Charles Bradley waited more than 60 years to tell his story on his debut album, 2011’s No Time for Dreaming. Even as he was touring relentlessly to support that album with his backing group, Brooklyn’s Menahan Street Band, he was impatient, itching to get back into the studio.
“All it did was open the first page of the first book,” says Bradley, whose second album, Victim of Love (Dunham/Daptone), comes out April 2nd. “A lot of things inside me have not been told. They’re crying for a chance to come forward.”
Whether he’s singing about his hungry heart or his deep despair over the world’s inequities, Bradley has become known for his pleading brand of hard, classic soul. Though he’s been billed for years as Black Velvet, appearing in a James Brown tribute show with another Brooklyn group, the AllStarz (whose members have toured with the Intruders, Clarence Carter and Brass Construction), he’s not about smooth: Bradley, also tagged the Screaming Eagle of Soul, emotes like he’s trying to be heard in a “Hurricane,” to name one new song.
Storms are a recurring theme. Another new track, the aptly disorienting “Confusion,” borrows from the psychedelic soul of the Temptations’ later period. It was written, like a lot of Bradley’s songs, out of a Menahan jam. “Tom [Brenneck, guitarist] started playing it and it hit me,” says Bradley. “It came out naturally.”
Bradley’s tough-luck story – involving a lifetime of odd jobs, occasional homelessness and the murder of his brother – is told in the documentary Charles Bradley: Soul of America. It premieres on April 10th on EPIX after a well-received SXSW debut last year.
Filmmaker Poull Brien says he first encountered Bradley’s music when a buddy was catching him up on recent neo-soul acts such as Sharon Jones and Ale Blacc. “I used to be an old soul and funk DJ,” Brien says. The song “The World (Is Going Up in Flames),” which would become the lead track of Bradley’s debut album, “totally dialed me in,” and soon he was offering to make a video for Daptone free of charge.
That led to the documentary. “He was everything you could possibly want in a subject,” says Brien. “Here’s this enthusiastic crew in his face all the time, hanging on his every word. And he was completely open – there was no moment he wouldn’t let us into. We felt blessed, lucky to find a guy like that.”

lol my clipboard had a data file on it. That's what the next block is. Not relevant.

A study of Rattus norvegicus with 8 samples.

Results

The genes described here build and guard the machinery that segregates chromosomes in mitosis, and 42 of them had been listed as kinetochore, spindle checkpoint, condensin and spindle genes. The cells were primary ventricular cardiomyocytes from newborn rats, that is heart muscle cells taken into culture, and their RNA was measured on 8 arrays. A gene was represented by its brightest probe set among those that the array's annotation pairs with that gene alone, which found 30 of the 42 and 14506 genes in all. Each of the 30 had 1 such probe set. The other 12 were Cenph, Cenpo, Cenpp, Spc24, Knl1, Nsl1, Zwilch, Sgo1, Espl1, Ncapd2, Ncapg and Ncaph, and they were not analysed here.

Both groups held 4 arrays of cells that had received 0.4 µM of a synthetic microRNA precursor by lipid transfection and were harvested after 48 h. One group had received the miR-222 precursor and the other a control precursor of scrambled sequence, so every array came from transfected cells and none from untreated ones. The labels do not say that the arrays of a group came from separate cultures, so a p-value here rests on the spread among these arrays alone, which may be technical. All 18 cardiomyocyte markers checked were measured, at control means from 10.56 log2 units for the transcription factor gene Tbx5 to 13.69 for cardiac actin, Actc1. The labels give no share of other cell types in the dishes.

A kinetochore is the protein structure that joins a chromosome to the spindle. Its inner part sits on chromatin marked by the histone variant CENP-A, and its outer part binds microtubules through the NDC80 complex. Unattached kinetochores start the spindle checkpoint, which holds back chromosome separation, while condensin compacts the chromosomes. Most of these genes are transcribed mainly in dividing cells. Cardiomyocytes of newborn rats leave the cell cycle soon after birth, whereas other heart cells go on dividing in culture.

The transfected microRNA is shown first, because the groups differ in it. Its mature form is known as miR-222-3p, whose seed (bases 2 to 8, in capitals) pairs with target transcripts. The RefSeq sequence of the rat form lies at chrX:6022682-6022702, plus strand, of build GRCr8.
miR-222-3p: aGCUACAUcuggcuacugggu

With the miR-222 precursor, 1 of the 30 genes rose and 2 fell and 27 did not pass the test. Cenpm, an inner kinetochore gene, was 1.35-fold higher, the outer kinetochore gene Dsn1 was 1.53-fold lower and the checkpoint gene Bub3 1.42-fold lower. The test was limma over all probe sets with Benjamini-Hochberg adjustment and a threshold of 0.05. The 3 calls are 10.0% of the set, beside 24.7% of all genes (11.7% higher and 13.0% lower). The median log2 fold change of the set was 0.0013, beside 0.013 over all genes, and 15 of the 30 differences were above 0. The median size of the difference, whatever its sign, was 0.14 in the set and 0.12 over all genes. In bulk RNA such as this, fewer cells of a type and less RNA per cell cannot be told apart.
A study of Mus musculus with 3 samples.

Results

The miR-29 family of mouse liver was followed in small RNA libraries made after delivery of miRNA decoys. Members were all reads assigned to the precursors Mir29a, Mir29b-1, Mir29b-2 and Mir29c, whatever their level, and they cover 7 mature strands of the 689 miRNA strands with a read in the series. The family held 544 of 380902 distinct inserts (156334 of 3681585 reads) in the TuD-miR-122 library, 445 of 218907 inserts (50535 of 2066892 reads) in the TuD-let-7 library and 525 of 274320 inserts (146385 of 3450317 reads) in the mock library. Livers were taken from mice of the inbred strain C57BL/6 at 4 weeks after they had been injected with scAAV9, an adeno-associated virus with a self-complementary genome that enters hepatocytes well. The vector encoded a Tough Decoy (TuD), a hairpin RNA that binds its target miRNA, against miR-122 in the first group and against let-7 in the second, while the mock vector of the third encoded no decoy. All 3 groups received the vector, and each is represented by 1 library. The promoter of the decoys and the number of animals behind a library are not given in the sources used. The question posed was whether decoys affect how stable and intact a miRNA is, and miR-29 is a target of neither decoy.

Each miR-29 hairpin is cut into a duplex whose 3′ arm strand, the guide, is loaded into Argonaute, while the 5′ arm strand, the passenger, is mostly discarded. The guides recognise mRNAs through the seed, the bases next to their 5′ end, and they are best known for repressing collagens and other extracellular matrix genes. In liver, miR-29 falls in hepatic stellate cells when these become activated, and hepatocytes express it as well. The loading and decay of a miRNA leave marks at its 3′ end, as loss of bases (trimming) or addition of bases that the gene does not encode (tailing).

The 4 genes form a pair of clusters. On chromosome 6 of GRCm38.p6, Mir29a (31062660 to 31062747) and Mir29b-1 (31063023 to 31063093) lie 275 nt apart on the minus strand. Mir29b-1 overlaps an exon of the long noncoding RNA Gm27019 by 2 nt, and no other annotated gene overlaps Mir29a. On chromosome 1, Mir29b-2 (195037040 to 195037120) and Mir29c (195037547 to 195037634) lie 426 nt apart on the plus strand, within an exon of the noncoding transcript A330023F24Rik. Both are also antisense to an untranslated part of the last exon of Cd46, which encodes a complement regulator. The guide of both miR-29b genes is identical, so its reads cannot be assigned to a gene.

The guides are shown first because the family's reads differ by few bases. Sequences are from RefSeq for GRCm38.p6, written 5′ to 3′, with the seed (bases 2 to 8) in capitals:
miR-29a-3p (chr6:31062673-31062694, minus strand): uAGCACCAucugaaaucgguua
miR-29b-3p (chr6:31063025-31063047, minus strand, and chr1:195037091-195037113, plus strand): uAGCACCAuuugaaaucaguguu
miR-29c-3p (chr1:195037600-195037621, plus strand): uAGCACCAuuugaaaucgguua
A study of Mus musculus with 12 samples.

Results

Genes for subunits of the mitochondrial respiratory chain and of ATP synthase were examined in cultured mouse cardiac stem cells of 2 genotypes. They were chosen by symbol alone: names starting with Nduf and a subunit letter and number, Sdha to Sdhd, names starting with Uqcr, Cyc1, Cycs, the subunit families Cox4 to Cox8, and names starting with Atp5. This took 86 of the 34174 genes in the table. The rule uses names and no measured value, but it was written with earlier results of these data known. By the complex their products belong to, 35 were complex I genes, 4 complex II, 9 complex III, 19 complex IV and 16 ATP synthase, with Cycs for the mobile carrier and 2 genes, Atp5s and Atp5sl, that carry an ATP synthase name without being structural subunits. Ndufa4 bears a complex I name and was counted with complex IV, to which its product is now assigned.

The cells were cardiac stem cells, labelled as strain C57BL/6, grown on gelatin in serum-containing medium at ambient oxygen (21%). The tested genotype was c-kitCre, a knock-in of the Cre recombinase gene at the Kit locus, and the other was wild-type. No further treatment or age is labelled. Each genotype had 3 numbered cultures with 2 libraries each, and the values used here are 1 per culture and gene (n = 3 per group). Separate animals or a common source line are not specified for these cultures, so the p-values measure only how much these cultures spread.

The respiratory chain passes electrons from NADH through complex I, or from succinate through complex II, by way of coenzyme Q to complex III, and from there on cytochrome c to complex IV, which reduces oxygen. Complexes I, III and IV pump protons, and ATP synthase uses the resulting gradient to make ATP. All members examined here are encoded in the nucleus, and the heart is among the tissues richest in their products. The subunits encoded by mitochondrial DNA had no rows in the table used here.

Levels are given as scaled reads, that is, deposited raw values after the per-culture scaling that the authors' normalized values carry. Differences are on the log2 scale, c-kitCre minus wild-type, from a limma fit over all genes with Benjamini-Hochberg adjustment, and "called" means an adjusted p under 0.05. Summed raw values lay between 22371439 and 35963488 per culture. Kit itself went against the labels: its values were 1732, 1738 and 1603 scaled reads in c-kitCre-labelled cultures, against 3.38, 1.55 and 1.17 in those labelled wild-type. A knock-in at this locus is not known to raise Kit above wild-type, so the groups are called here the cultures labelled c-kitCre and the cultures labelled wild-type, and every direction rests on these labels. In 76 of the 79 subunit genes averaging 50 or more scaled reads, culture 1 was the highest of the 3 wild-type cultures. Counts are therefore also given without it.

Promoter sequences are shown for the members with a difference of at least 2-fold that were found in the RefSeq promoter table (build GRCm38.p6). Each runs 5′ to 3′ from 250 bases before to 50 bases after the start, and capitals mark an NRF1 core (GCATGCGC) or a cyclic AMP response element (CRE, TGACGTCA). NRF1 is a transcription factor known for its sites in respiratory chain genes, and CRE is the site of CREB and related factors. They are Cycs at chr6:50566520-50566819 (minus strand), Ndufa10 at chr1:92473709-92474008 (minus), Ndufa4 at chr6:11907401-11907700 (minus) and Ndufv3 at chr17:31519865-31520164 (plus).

The singer begins touring behind Victim of Love on April 12th, hitting the New Orleans Jazz and Heritage Festival later that month before coming home to New York for a gig at the historic Apollo Theater on May 16th. Bradley was there for Brown’s funeral in 2007. He met his idol once, while working as a cook in San Francisco.
“I went to his dressing room and we rapped,” he recalls. “I said, ‘James, give me a chance, man.’ He looked me up and down and said, ‘Young man, I can tell you’re a good artist.'” But the Godfather of Soul was not about to share the stage with a low-level soldato.
Since launching his own career, Bradley has performed with another idol, Stevie Wonder. He also loves him some divas, including Aretha Franklin and Barbra Streisand, he says. But he’s becoming best known for his own over-the-top performances, in which he drops to his knees and wades into the crowd for group hugs.
His energy, he says, is boosted every night by his audience. “When you been looking for something all your life . . .” he says, trailing off. “I just take care of my health and keep knocking down doors. I’m out here to please everyone and show you a good time.”
At 64, after a lifetime of struggling, he has no intention of slowing down. “You’re never too old until you’re in the ground,” he says. “When I stop singing and dancing, it’s time to go home to a greater afterlife.”